I blame my friend Marc for getting me into trouble a lot.
And almost always, that trouble involves an extra project at the newspaper we work at. Luckily, said projects tend to fall into the “brilliant and mostly fun” category.
This time, though, I did it to myself. I was the one who asked my boss if I could draw editorial cartoons for the paper.
Marc, however, has done his part to hold me to that. He writes the editorials, I draw the pictures to go with them. When I got back from the honeymoon, I had it in my mind to slack off for a bit, but nope! Marc manages to regularly find his way over to my desk and ask if I maybe have any free time to illustrate.
“I’m not your boss, I can’t make you do things, so you tell me if you don’t have time,” he says.
Step 1: Pencil & Ink
Step 2: Grayscale in-paper
Step 3: Full-color online
Sometimes I do tell him I can’t. But usually, I try. Hey, it gives me an excuse to draw while I’m at work — there’s no downside here.
So here’s a little backlog of the edtoons from the past few weeks. They make more sense when accompanying the editorial they were meant to run alongside, but I hope they stand on their own too, at least a little.
(Oh and a little fun fact – my signature changes between two last names, because the wedding happened in the middle 🙂 )
Wedding. Honeymoon. Editorial cartoons. A weekly stepmomming column. Illustrations for said column. Designer of the Year. Custom illustration commission.
There’s been whole a lot of art things (and non-art things) happening, alongside a whole lot of slacking. I’ll try to write in here some more, if for no other reason than to vent and focus my art-related thoughts. Which I guess boil down to primarily this: If I could spend all my time traveling, and illustrating, I’d be quite happy.
Musical Nature is the recording alias of Rhode Island based electronic music composer Geoff Varosky. His latest album, Eavesdropping, features six compositions varying in length from seven to under nine-and-a-half minutes, which notably draw upon the ambient-techno style of music pioneered in the early 1990’s by electronica bands like The Orb and The Future Sound of London. Interweaving what could be described as free-floating background and foreground layers of synthesized textures and environmental field recordings, experimental beats and industrial nuances frequently lend both an edgy crunchiness and contrasting bit of chaos throughout.
The opening piece, “Common Code”, is also the album’s most dreamy and minimal number, characterized by echoing environmental textures comprised of hollowed metallic…
I have a bad habit of buying stuff that I never end up using. Clothes. Gadgets. Rosetta Stone Spanish (I’ll get to that SOMEDAY Jessie! Promise!).
And a set of bamboo ink brushes. I got them sometime during my senior year of college.
That was seven years ago.
All this time, those brushes have sat, still in the packaging, in my art drawer. They moved with me from my parents’ house, to my first apartment, to my boyfriend’s house, to the apartment I now share with that then-boyfriend, now-fiance, almost-husband.
In an effort to create more… I came up with the idea to take a month to generate some sort of ambient music each day and release it to the world. Be it a minute, be it an hour… to produce some piece of music on a daily basis for an entire month.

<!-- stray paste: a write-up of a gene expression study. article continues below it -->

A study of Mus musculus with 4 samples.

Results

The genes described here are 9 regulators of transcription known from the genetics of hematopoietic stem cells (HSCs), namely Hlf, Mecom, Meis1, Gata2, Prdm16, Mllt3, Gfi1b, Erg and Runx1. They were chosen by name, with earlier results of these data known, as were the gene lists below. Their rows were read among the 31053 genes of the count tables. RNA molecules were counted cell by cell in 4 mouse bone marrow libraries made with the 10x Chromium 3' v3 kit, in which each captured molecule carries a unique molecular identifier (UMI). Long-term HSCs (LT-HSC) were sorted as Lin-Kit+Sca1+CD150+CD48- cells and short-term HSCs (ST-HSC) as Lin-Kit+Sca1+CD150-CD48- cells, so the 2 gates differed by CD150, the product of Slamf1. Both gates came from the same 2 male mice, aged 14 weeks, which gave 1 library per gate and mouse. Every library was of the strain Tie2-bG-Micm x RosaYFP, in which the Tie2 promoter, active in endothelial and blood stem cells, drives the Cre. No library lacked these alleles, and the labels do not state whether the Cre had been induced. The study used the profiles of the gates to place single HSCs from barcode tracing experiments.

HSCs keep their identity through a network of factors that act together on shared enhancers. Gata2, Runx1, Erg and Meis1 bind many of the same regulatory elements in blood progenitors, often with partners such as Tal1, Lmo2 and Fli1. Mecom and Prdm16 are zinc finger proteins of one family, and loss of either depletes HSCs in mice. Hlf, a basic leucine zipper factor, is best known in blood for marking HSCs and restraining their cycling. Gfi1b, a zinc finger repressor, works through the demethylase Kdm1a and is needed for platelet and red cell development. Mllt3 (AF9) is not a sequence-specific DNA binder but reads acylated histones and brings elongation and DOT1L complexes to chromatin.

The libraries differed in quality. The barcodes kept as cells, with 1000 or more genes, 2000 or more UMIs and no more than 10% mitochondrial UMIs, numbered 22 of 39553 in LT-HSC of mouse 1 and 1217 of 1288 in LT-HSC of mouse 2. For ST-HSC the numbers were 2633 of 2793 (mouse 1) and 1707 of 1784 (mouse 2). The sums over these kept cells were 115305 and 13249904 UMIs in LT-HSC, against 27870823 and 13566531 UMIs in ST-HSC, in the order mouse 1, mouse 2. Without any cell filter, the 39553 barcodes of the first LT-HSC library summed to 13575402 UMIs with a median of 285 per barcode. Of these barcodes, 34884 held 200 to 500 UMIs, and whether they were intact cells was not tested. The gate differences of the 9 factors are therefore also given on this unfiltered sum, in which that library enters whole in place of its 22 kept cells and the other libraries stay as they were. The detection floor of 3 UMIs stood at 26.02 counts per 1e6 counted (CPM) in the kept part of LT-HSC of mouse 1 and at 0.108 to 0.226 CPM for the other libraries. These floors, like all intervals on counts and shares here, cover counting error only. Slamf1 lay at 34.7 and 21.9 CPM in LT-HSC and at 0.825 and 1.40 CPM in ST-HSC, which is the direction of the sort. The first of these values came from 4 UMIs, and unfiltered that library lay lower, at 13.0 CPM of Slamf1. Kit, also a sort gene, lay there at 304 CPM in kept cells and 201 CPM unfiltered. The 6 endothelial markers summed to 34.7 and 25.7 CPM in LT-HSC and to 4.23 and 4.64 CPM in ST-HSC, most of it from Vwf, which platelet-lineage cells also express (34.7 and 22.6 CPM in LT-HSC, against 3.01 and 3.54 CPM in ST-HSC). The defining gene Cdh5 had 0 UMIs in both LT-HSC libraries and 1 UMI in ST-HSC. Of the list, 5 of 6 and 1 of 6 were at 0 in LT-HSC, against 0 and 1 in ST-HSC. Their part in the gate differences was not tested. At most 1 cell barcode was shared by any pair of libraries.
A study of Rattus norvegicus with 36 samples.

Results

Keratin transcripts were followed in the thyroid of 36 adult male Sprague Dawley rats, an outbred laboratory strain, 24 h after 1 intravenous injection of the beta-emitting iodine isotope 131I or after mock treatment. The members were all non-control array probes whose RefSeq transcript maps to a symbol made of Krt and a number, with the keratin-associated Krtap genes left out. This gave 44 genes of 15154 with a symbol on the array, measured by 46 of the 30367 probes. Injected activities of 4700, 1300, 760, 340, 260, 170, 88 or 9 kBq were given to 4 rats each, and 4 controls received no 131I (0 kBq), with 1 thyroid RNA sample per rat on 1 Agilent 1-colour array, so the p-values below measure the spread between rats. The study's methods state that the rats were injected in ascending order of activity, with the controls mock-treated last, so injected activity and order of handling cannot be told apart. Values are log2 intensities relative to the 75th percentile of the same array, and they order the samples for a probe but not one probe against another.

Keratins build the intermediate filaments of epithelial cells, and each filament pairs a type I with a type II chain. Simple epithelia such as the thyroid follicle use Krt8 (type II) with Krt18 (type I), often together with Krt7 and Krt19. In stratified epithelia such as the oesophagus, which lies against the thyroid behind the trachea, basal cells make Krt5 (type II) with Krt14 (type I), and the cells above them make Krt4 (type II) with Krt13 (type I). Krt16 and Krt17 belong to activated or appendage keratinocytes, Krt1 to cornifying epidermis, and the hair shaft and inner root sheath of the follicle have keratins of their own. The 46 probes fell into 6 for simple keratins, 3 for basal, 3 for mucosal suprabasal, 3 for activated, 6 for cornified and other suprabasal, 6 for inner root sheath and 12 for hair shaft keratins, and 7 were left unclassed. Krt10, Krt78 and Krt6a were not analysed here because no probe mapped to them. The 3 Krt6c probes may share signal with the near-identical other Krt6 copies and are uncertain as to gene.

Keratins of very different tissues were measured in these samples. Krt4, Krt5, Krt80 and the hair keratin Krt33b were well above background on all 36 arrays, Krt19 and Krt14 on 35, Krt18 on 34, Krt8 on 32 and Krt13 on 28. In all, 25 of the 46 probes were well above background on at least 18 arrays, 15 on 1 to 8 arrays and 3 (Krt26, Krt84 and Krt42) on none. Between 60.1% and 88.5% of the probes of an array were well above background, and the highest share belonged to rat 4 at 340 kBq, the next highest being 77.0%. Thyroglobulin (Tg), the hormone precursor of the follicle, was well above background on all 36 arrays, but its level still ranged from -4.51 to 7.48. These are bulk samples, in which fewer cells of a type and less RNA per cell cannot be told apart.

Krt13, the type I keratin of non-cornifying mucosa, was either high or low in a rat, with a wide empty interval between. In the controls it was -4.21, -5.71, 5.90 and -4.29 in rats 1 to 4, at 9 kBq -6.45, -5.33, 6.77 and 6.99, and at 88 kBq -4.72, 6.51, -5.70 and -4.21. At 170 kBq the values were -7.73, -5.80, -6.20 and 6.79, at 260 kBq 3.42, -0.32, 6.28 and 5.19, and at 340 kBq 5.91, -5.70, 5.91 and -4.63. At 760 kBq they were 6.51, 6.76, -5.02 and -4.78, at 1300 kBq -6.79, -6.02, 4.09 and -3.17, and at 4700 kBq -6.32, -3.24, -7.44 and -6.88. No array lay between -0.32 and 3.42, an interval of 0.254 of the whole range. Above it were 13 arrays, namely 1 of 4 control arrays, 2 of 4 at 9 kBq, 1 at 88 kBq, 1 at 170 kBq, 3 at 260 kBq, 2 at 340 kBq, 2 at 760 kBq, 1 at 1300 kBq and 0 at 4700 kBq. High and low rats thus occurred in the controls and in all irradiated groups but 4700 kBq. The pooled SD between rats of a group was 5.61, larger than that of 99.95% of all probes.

What would you, my few followers, think of this? Would you listen? Would you want to get the collection of this afterwards? Would you want to have this as a resource to use in your own music?
Let me know. Planning on July to start doing this… more updates to come.
There are some coworkers you collaborate well with.
One such person I know would insist I rephrase that as: “coworkers you collabwell with.”
Because he might not actually be a hipster, but by golly he’ll talk like one. (totes ironically, though.)
Enter Marc Munroe Dion, stage left. Or stage right. I’m really not sure which direction he’s gonna come from, most days. But whichever direction or angle he does come from, it usually turns into a fantastic project idea.
He turned up with a fantastic project idea even when I was stuck at home recovering from back surgery a few months ago.
For the wedding, my fiance figured out how to make a soundscape installation! 🙂 He makes ambient background music, and we thought cocktail hour (or afternoon tea, if you’re a hobbit) would be a cool place to test it out – having different layers playing from different speakers to make a whole music experience, if you will. Yay!
We’ve got less than a month to go before the “big day”… we’ve been planning out music, and my fiancée would love for me to play some of my stuff. However, since most of it is ambient and minimal, there really wasn’t much of a place for it, except for maybe dinner or cocktail hour.
Then, collaboratively, we came up with a plan. Using two small portable speakers on either end of the porch we are having cocktails at, I will layer some of my tracks so each end of the porch plays different layers of those tracks, together making up the actual track, very similar to my installation pieces can be used (Layers 1, Layers 2, and Layers 3). Below is a representation of how those will be configured:
This however created a problem…
I need these to be re-usable, so I can duplicate this…
When we got engaged, I mocked the general cost of a wedding.
Who’s stupid enough to spend so much on a single day? I said.
…A few months later…
That frustrates me to nooooo end. (Ask anyone who talked to a very tearful me yesterday.) BUT. I’m trying to remember something. The best parts of this whole shindig, have absolutely nothing to do with the dollars, so the dollars aren’t worth stressing over.